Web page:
The perfect red carpet look is part familiar, part fantastic

The perfect red carpet look is part familiar, part fantastic
Rihanna's enormous pouf of pink by Giambattista Valli makes for a fairy-tale entrance at the Grammys in February. (Allen J. Schaben / Los Angeles Times)

After weeks of awards shows, beginning with the Golden Globes and concluding with the Oscars, and every celeb-pulling event in between, we're not any closer to knowing what makes the perfect fashion statement on the red carpet.

Much of it is subjective, of course, which means that each appearance is a game of roulette for the actors, stylists and designers involved.

We want to see something we haven't seen before. It could be showstopping embellishment, such as the 6,000 pearls hand-sewn onto the Calvin Klein gown Lupita Nyong'o wore to the Oscars, or an interesting fabric combination, such as Tom Ford's one-part red velvet, one-part red crepe gown worn by Julianne Moore to the BAFTA Awards.

It could be a striking color, such as the brilliant saffron Solace London dress that Caitriona Balfe wore to the SAG Awards. Or it could be an unforgettable flourish, such as the sweetheart bow bustle on the Lanvin jumpsuit Emma Stone wore to the Golden Globes, or the contrasting black taping on the lapels of the playful beige Dolce & Gabbana suit that David Oyelowo wore to the Virtuosos Awards.

But we also want to see something familiar that fits into a star's style narrative. That's why pop star Lorde's oversized Narciso Rodriguez pantsuit and cropped top worked so well at the Golden Globes. It suited her tomboy chic. The same goes for the Army green Marc Jacobs dress worn by Claire Danes to the SAG Awards. Danes is known for ever-so-slightly edgy choices but never looks like a fashion victim.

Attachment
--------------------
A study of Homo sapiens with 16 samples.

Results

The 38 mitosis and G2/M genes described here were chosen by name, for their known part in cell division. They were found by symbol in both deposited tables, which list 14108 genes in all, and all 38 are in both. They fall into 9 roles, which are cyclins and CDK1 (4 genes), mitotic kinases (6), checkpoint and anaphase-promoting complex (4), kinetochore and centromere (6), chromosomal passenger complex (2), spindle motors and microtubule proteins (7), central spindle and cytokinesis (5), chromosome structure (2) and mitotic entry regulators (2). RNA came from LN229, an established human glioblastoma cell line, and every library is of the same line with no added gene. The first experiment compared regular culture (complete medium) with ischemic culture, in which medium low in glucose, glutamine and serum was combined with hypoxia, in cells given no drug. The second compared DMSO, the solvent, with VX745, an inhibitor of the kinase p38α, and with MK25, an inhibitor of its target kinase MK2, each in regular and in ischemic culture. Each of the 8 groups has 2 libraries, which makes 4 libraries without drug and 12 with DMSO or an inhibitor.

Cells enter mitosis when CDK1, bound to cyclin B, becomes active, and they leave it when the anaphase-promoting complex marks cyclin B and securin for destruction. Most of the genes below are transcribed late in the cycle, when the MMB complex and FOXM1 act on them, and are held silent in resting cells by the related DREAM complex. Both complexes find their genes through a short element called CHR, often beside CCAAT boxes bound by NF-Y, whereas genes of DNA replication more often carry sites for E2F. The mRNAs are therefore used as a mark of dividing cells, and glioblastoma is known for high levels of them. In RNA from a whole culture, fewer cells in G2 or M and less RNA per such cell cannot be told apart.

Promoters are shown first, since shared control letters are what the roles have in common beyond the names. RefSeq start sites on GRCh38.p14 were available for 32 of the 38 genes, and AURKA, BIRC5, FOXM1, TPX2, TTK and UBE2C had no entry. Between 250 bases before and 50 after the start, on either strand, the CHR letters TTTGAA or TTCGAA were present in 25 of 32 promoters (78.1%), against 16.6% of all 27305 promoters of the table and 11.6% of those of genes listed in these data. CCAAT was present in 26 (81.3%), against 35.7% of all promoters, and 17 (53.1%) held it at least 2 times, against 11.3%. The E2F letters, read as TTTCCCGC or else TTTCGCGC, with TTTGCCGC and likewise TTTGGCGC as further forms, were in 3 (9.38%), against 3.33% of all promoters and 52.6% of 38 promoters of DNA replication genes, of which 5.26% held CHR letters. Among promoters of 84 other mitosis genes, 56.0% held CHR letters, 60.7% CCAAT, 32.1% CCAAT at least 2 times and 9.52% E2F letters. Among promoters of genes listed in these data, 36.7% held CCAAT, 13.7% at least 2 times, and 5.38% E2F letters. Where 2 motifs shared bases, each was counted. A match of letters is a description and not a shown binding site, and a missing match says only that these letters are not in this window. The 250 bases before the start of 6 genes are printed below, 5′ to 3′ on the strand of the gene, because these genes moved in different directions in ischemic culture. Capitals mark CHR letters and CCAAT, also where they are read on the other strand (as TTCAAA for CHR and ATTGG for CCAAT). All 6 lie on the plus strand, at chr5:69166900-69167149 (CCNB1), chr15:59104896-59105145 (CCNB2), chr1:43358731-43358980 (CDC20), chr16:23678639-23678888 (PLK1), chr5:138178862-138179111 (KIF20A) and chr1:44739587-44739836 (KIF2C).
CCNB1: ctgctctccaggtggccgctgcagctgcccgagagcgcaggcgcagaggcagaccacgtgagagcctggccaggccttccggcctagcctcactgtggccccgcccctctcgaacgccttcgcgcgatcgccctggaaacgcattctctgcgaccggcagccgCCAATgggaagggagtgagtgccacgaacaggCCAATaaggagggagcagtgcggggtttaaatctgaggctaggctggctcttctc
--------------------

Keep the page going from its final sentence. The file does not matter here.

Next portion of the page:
When it comes to men's style, Jared Leto puts the forward in "fashion forward," as demonstrated by the bright blue Costume National blazer, matching blue socks, slim black tux pants and sparkly shoes he wore to the Critics' Choice Awards, along with his signature man bun.

Mostly, though, we want to see drama and an effort at creating a magical, memorable Hollywood moment. Rihanna played it perfectly at the Grammys, waiting to get out of her car until the last minute when the red carpet was clear, then gliding in like something out of a fairy tale, wearing an enormous pouf of pink tulle by Giambattista Valli.

Watching from home, you couldn't help but be entertained.

This story is part of the Los Angeles Times' Image Magazine spring fashion and travel issue.